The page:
By Thomas Simpson
Whereas it isn’t uncommon for a toy line to launch a film series, action figures such as Transformers come with a ready-made plot, board games not so much. Battleship was a mundane mess that shared a title with its influence and little else. The Ouija board is a different concept entirely. It has a unique history fueled by urban legend and belief. The 2014 Ouija film was panned by critics but raked in over $100 million at the box office against a $5 million budget. Rather than go for a rehashed sequel, Blumhouse Productions opted to release a prequel releasing Oujia: Origin of Evil in time for Halloween.
Taking place in 1967, widowed Alice Zander (Elizabeth Reaser) makes a meager living as a fortune teller. Accompanied by her daughters, Paulina (Annalise Basso) and Doris (Lulu Wilson), Alice justifies her conning of clients by believing that she brings comfort to the grieving customers that seek answers. When she plans on implementing a Ouija board into her act, Doris discovers that she has a real gift when it comes to communicating with the dead. At first the Zanders believe they’re talking to the girls deceased father, however Paulina’s skepticism turns to fear as she worries that there are darker forces at work.
Stylistically Ouija: Origin of Evil is a joy to watch. The grade gives it a more authentic grainy look and is a refreshing departure from the overly polished and sterile horror films that tend to flood cinemas at this time of year. Screenwriters Jeff Howard and Mike Flanagan (who also directs) let us spend time with the family to invest in them, to care about their struggles. They aren’t mere sacrificial lambs offered up to the evil that awaits, they’re a family with real life worries and hurt.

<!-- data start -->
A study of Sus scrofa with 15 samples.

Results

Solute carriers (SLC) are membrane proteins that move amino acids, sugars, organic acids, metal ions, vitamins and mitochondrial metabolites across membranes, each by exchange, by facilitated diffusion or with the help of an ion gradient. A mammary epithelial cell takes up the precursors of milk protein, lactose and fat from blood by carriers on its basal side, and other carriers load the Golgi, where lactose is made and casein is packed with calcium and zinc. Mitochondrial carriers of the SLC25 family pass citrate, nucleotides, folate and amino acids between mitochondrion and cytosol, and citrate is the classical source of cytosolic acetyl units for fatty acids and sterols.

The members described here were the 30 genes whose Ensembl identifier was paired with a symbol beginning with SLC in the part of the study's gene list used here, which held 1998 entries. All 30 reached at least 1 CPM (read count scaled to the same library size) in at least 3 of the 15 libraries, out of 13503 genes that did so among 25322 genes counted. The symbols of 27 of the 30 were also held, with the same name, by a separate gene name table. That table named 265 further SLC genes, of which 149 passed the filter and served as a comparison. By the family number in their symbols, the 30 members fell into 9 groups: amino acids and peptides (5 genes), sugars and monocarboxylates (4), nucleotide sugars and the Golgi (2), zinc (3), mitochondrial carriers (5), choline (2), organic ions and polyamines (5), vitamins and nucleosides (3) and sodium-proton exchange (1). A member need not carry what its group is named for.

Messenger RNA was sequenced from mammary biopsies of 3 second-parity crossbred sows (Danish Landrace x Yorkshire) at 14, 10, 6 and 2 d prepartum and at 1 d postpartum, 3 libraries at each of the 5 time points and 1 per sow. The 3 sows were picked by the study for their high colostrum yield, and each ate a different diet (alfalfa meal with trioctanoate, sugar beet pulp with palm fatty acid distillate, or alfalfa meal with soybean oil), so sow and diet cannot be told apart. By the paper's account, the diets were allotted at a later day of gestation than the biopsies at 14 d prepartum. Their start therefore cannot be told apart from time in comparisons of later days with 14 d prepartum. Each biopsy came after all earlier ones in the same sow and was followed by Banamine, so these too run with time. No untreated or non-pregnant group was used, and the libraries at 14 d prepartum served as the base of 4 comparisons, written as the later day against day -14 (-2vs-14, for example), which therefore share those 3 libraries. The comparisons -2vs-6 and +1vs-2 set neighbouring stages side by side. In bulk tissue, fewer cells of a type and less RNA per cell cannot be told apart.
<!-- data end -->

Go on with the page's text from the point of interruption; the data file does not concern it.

The only criticism in that regard is the pace is really slow in the first act as events are set up. It pays off once the frights starts with Flanagan crafting a sustained terror to keep us hooked rather than go for cheap jump scares and fake out, something which its predecessor was heavily criticized for.
The cast deliver solid performances with Wilson’s talent shining through as she channels the spirits. The results are unnerving with her presence making uncomfortable viewing. The visual effects are subdued and used effectively. They accompany the frights and don’t drag the film down with cheap parlor tricks.
Ouija: Origin of Evil may be a prequel but it stands alone as its own film and does well to banish any preconceptions that may have arisen due to Ouija’s poor reviews. It’s a rare case of a horror sequel being a vast improvement over the first one. It’s often said that the Ouija board was popular with dating couples as it forced them to get close, Ouija: Origin of Evil is faithful to this tradition as there’s likely to be a lot of cuddling together during its 99 minutes.
Thomas Simpson is a writer and filmmaker based in Glasgow, U.K. Find him on Twitter: @Simmy41.